2014 and 2015 Design Forecast

by Gaia Mueller
Robert and Gaia Mueller are the owners of Benjamin Moore Kelowna
gaia@benjaminmoorekelowna.com



One of the most fascinating parts of having a career embedded in the world of design is staying on the cusp of new trends.  Trend forecasting is big business, and the major players in the field spend millions and predict with extremely high accuracy what colours, fabrics, sheens, shapes and sizes will be popular in two years.  They’re not just watching the runways in Milan to make these predictions, however; they’re studying demographics (they know the Millennials are becoming an economic force), economics (the subprime mortgage crisis continues to have an effect on tastes), entertainment (The Great Gatsby is still influencing style, for example), and technology (“smart” colours that respond to our moods may be coming our way).   
Summarizing the complexities of forecasts is tricky, but we can see that the overarching influence on 2014 trends is our desire for stability.  In a world of dramatic political, economic, and social change, we are seeing trends emerging which are clearly rooted in our desire for constancy and security.  Here are just a few 2014 and 2015 trends:

Architectural purity in homes & furnishing -- Strongly trending up is the love of more “pure” architectural styling, either traditional or modern, as opposed to the over-designed McMansions of yesterday, which were too often an eclectic buffet of multiple styles.  Whether it’s a custom luxury home or a home by a mass-market builder, it will offer an open floor plan with the kitchen as the centre of the home.  These new homes focus more on harmony, simplicity, and unpretentious charm than on showiness, and often include furnishings which are reinterpretations of historical pieces: re-coloured, re-sized, re-claimed, and re-invented, these pieces link the personal to the historical in a mindful manner.

Farmhouse fusion -- As the name implies, this trend is about balancing opposites. An angular contemporary chair upholstered in a traditional fabric, for example, or a vintage sideboard painted acid green.  An up-cycled wood table may have chrome legs or a bergere chair may be upholstered with burlap.  Here, we can have a piece at once rustic and refined.   This trend includes all sorts of “faux” painting techniques which, given the new products available today, go well beyond the wall-sponging efforts of the 1990s.  The trend to faux taxidermy is continuing into 2014 as well, so expect to continue seeing glossy antlers hanging in unexpected places.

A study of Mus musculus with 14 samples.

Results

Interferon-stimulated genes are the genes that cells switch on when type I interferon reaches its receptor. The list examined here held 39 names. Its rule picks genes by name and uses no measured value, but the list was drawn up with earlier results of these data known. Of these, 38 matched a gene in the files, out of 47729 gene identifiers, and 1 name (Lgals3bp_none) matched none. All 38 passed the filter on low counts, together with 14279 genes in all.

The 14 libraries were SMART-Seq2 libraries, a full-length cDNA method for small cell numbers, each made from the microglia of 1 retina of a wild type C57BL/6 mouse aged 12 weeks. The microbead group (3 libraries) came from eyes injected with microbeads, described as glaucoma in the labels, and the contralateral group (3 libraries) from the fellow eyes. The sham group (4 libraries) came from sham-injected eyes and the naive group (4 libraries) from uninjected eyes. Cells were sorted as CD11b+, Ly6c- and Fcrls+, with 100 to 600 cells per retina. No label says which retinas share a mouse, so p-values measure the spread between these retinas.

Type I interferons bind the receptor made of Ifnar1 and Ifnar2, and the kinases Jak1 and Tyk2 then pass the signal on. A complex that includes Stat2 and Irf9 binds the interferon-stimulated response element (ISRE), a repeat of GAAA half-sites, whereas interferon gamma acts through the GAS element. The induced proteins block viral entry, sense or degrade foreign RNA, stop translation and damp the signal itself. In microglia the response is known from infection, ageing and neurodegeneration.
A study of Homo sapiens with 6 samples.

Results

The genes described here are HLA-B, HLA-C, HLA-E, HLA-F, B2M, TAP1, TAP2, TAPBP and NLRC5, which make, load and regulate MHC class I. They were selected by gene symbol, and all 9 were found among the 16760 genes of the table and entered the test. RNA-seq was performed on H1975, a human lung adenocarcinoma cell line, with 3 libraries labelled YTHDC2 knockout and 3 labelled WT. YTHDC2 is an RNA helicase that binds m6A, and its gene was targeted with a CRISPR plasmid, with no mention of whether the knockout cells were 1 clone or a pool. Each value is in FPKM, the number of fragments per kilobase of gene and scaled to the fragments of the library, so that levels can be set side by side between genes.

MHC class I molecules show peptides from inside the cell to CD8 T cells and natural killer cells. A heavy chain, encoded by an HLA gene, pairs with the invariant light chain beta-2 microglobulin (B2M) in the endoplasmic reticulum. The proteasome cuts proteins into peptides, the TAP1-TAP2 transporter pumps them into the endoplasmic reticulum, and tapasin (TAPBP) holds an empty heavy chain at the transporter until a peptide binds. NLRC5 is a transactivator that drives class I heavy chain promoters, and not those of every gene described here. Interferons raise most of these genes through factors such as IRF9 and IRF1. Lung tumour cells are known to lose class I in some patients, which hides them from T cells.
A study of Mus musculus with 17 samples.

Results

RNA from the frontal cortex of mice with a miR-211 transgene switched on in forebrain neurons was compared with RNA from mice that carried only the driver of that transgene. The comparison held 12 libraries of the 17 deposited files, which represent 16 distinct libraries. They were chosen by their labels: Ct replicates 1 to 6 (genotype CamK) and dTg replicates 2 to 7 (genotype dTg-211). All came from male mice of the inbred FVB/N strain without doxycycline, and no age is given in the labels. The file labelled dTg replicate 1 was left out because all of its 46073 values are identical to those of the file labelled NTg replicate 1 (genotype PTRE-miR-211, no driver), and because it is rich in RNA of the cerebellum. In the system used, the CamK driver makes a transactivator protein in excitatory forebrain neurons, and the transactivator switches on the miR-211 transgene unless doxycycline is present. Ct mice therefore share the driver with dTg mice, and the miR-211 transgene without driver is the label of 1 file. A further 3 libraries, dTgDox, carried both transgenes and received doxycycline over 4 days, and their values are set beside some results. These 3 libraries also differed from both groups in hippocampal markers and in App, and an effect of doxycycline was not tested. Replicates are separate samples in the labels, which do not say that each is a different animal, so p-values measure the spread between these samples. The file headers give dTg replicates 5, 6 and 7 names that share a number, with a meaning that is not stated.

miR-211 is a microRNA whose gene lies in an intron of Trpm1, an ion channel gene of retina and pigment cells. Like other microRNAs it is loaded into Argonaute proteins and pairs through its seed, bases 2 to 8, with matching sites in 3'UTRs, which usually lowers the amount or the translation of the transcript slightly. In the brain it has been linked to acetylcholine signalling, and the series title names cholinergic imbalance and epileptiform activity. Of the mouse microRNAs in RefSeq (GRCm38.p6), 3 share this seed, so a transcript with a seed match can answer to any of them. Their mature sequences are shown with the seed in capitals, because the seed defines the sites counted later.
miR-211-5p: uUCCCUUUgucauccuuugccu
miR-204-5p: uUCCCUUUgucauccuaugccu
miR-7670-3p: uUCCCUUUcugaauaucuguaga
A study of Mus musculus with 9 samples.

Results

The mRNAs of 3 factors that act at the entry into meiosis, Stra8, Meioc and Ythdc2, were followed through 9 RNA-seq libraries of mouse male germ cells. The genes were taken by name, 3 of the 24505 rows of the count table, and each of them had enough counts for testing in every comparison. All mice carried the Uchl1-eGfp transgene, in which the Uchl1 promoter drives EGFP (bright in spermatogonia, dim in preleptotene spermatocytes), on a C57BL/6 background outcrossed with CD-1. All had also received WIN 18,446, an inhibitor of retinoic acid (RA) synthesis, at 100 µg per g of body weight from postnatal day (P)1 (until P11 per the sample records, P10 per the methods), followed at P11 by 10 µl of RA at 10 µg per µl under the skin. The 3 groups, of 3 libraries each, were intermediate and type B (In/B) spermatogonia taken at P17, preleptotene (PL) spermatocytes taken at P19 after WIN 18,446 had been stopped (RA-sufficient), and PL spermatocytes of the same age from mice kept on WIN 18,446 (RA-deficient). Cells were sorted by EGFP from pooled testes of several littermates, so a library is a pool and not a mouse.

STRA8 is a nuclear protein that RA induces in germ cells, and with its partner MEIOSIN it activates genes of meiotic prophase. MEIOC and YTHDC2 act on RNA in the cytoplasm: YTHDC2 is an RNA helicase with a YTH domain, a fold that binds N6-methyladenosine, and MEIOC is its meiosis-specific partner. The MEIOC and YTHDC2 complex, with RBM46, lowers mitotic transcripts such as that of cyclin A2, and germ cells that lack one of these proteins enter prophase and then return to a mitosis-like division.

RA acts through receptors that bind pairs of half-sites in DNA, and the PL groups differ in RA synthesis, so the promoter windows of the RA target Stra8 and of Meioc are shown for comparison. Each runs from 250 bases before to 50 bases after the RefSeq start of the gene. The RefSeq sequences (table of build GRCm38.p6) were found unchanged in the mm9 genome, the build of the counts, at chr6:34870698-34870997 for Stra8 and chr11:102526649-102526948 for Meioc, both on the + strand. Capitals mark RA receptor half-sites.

Geometric patterns – Whether chevron, stripe, circle, or some other intersection of angles, predictable patterns will continue to be a dominant motif in design.  Perhaps because we love the harmony of these mathematical structures, we seek to surround ourselves in them.  At our store on Springfield Road, we have entire wallpaper books just for stripes and chevrons, so whether you’re looking for a monochromatic multi-layered pattern or a whimsical look designed by Karim Rashid, you can find a way to put symmetry on your walls.



Traditional patterns – Trending up right now is the return to delicate, some might say feminine, patterns.  For example, toile de jouy is starting to turn up everywhere, from upholstery to bedding to wallpaper.  Toile consists of a repeated pattern in a single colour depicting a generally pastoral scene such as a couple having a picnic or a floral arrangement.  Also experiencing a resurgence is what I’ve heard spoken of as “grandma’s wallpaper,” or patterns which are floral and dainty, as well as patterns which mimic lace and even doilies or macramé.  These toiles, florals, laces, and delfts are often treated fairly traditionally, but they are also re-interpreted more ironically by some, who use colour and material in unconventional ways to personalize classic patterns.  For example, I’ve seen toile patterns depicting a cartoon shrub or done in lime green.

If you hold a can of paint up to your ear, can you hear the blue?  Blue is the colour of security, safety, trust and stability, so it is with little surprise that blue in all its shades and hues continues to dominate the colour spectrum of 2014 and 2015.  Benjamin Moore’s colour of the year is Breath of Fresh Air (806), a soft and simple light blue which looks just as good in a modern home as in a coastal cottage.  Our entire 2014 palette is designed to provide “new” neutrals that provide a relaxing and harmonious feeling in your home.  Who needs “builder’s beige” anymore when you can play warm grays and soft blues against a few punches of dramatically deep mauves such as Pantone’s colour of the year Radiant Orchid?  If you don’t want to embark on an extensive repaint of your home’s interior or exterior but you want to play with some new colours, another big trend right now is colourful front doors so why not go bold and paint your front door something playful?  

Need more inspiration on trends and colours?  You can go online to Pinterest.com or Houzz.com and find endless photos of home décor ideas.  You can also visit Benjaminmoore.ca, where we have multiple blogs and tools for playing with colour and design.  There’s even a brand new tool that asks you some fun questions and then reveals a room designed through your answers.  Check it out at designbywhatmatters.com.